One of the best growth paths for a business is to go regional or global. But most companies hesitate to go abroad. They see obstacles and risks stemming from tariffs, language differences, cultural differences, devaluation and exchange control risk, and bribery.
But there are also gains. By going abroad, companies actually diversify their risks by not depending on only one country’s market.
In fact, the market for their products and services may be mature at home and growing abroad. Furthermore, these companies will be stimulated to improve their products as they compete in new situations against new competitors.
But companies must adapt their products and marketing mix when they go abroad. Asea Brown Boveri (ABB) uses the slogan: “We are a global firm local everywhere.” Royal Ahold, the giant Dutch food retailer, has the brand philosophy, “Everything the customer sees we localize. Everything they don’t see, we globalize.”
When naming its new products, a company must make sure its name will travel internationally. Chevrolet named its new car Nova, not realizing that in Latin America no va means “doesn’t go.”
Companies usually evolve globally through ﬁve stages:
- passively exporting,
- actively exporting using distributors,
- opening sales ofﬁces abroad,
- setting up factories abroad, and
- establishing regional headquarters abroad.
In expanding abroad, companies tend to exercise loose administrative controls initially, preferring to put their faith in their entrepreneurial country managers. Later they start imposing some strategic controls aimed at standardizing global planning and decision processes.
Companies must choose foreign distributors carefully. They need to define distributor performance very clearly and be aware of host country laws regarding distributor treatment. The distributors need to be given adequate incentives to grow the market as fast as possible.
Companies succeed best when they recognize a large target market whose needs are not being met by the current sellers. By inventing new values for this target market that are difficult to replicate and by building a strong company culture to serve this market, the company has a good chance to succeed.
Companies entering developing countries should offer new benefits or introduce their products at a lower price, rather than come in with the same offerings made at home. They must be conscious of liability for the potential misuse of their products due to low literacy and the poor quality of intermediary channels, as well as counterfeiting possibilities.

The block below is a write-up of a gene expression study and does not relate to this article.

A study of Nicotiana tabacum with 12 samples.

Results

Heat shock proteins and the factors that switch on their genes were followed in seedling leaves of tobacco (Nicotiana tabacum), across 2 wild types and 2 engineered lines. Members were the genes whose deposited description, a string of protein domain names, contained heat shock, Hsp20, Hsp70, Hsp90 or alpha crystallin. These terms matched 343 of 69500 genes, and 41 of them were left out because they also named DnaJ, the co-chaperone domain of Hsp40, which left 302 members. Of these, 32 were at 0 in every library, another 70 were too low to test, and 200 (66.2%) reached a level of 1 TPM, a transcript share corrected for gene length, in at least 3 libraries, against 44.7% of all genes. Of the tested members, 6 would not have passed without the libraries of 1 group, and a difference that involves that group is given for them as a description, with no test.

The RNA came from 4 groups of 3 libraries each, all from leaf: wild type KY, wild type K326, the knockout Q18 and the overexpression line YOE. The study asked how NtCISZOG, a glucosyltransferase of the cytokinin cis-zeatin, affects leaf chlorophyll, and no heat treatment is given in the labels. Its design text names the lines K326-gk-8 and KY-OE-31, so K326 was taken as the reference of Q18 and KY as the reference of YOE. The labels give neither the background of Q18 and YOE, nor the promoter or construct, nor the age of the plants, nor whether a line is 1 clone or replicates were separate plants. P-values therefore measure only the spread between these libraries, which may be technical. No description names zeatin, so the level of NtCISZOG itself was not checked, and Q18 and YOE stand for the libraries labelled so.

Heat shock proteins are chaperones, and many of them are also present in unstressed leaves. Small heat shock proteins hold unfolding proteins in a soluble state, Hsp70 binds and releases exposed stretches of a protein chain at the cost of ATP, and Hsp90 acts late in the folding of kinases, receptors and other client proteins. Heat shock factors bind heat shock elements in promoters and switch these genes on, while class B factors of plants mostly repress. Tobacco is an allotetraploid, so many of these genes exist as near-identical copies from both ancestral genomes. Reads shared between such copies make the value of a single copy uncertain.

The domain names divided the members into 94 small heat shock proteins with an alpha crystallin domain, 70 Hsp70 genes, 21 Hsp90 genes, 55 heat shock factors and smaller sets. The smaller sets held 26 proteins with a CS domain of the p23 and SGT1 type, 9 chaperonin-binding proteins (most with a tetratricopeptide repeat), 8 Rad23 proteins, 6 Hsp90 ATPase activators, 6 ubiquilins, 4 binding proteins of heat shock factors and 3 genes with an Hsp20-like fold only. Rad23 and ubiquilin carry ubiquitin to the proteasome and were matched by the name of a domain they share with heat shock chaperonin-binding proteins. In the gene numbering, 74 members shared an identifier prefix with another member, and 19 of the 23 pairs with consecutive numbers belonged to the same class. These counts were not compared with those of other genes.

Two issues arise when a company appoints regional managers. The ﬁrst is whether to locate regional management at headquarters or in a capital city of the region. The second is whether regional managers should represent the interests of headquarters or of the region’s country managers. The regional headquarters location will influence its orientation.
Although a company may grant high autonomy to its country managers, it can still achieve a fair measure of coordination through corporate information exchange systems, company guidelines and regulations, regional line managers, and headquarters product directors.
Country managers are not all equal. Usually the country managers in the larger markets have more autonomy and inﬂuence. The larger markets are often chosen as centers of excellence in the handling of research and development (R&D) and new product launches. They also have a large inﬂuence on the country managers in the smaller surrounding countries.
Multinational corporations face tough decisions on which products to emphasize in which countries. The allocation of products and advertising money to the different countries must be guided by consumer preferences and purchasing power, distribution strength, competitor positions, and economic future conditions in each country.
Highly efﬁcient export-oriented companies are likely to gain market share in other countries. This will set up resistance by entrenched interests in the form of high tariffs and dumping charges. Ultimately these exporters may be wise to move production into countries that are resisting these imports.
A multinational that abandons troubled countries will have to eventually abandon all countries. The company should think more of shrinking its presence in a troubled country than abandoning it.
Global countries must learn to use countertrading. Many countries are poor but they will barter. You’d better learn to take some goods in exchange or forget selling to that country. Pepsi-Cola had to promise Russia that it would help sell Russian vodka abroad in exchange for selling Pepsi-Cola in Russia.
When companies fail abroad, the most common factors are:
- Failure to take enough time to observe, absorb, and learn the new market.
- Failure to get reliable statistical information about the new market.
- Failure to define the target user.
- Failure to adapt the product and/or marketing mix.
- Failure to offer adequate service.
- Failure to ﬁnd good strategic partners.